The First Humans Ever Photographed

Imagine it’s 1838. You live in one of the busiest cities in the world – Paris – 50 years before the Eiffel Tower was added to the skyline. As every day on your way to work you are walking down the street which is buzzing with gazillions of people and horse carriages.

For you it it’s just another day – nothing special – like your whole life. The only thing that you might later remember from that day is that annoying moment when you stepped into that big pile of horse sh*t and you had to spend your lunch money on getting your shoes polished.

But in no way did you know that on that day in that very moment you became part of history – probably in one of the most boring ways anyone could ever become part of history.

As it happened on the other side of the road a photographer named Louis Daguerre had set up his camera to take a photograph – a brand new invention you did not even knew existed – because pretty much no one on the planet knew it existed. And out of pure coincidence Daguerre had aimed his lens at the very street corner you were getting your shoes polished. And out of another pure streak of total randomness he started the 10 minute exposure at the very moment your shoe cleaner started polishing away.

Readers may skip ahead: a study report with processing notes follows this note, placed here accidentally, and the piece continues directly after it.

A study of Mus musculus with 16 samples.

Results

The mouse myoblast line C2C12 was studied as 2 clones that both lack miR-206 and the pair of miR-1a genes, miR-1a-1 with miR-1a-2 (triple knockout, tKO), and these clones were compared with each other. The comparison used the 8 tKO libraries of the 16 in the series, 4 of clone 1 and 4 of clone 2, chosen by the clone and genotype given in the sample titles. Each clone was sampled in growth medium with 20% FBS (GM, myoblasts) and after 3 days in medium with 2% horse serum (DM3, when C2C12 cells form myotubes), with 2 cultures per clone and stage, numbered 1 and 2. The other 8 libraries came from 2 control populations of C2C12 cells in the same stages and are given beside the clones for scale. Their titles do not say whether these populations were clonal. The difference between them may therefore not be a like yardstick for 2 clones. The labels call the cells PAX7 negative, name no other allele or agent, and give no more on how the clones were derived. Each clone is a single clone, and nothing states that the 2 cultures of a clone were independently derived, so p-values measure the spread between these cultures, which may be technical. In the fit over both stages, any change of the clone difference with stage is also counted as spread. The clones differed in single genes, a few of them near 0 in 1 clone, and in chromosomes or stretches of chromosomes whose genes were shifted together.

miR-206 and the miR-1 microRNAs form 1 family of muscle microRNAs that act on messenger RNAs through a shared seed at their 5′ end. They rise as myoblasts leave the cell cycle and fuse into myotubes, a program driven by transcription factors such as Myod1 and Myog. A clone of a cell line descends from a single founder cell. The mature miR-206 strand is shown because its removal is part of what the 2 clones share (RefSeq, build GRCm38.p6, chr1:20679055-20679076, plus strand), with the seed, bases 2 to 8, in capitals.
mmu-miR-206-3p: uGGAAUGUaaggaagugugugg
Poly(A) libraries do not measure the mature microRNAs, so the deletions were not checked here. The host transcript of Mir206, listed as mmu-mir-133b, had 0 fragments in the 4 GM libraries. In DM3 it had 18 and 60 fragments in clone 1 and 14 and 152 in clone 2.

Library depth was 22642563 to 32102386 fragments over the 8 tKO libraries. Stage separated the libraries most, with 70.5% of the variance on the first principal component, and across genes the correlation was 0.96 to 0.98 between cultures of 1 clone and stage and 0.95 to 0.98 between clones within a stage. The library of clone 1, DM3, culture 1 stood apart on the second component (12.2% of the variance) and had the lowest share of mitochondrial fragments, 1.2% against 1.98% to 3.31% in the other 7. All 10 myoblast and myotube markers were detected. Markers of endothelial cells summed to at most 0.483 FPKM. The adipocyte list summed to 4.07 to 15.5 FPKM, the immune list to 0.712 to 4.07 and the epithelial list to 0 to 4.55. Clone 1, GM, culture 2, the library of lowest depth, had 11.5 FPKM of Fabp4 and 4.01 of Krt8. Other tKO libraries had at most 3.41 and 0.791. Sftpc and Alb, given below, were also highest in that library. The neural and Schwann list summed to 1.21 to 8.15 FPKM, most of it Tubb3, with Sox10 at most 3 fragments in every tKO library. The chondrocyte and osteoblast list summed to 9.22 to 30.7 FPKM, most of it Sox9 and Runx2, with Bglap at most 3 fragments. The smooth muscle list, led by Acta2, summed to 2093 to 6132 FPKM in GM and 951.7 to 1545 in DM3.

And because of the fact that everything that moves during such a long exposure is getting totally washed out of the photograph and you and the shoe polisher happened to be the only static objects other than trees and houses during the whole time of the photographing process you and the polisher ended up being the first human beings ever to have been photographed.

Maybe that’s how it happened – probably not. But looking at this historic image my imagination drifts of into this very moment and makes me wonder who was that person getting his shoes polished and thus becoming part of photographic history? No other human was ever caught on camera before and captured for eternity that way. But of course we will never know who he or the shoe polisher were. Both faces are too blurred to be recognised – and after all they were just two of probably hundreds of people roaming the street in that moment. So just like on most of the millions of street photographs that would follow the people in it became ghostlike figures of the past – figures that you can create a whole world around in your head. Who were they – were did they come from, why were they there at that moment and where were they going to?

For me this mysterious side of street photography adds to the magic of it and makes it even more powerful to me.

Here is a link to the photograph which allows you to zoom in on every detail of the image.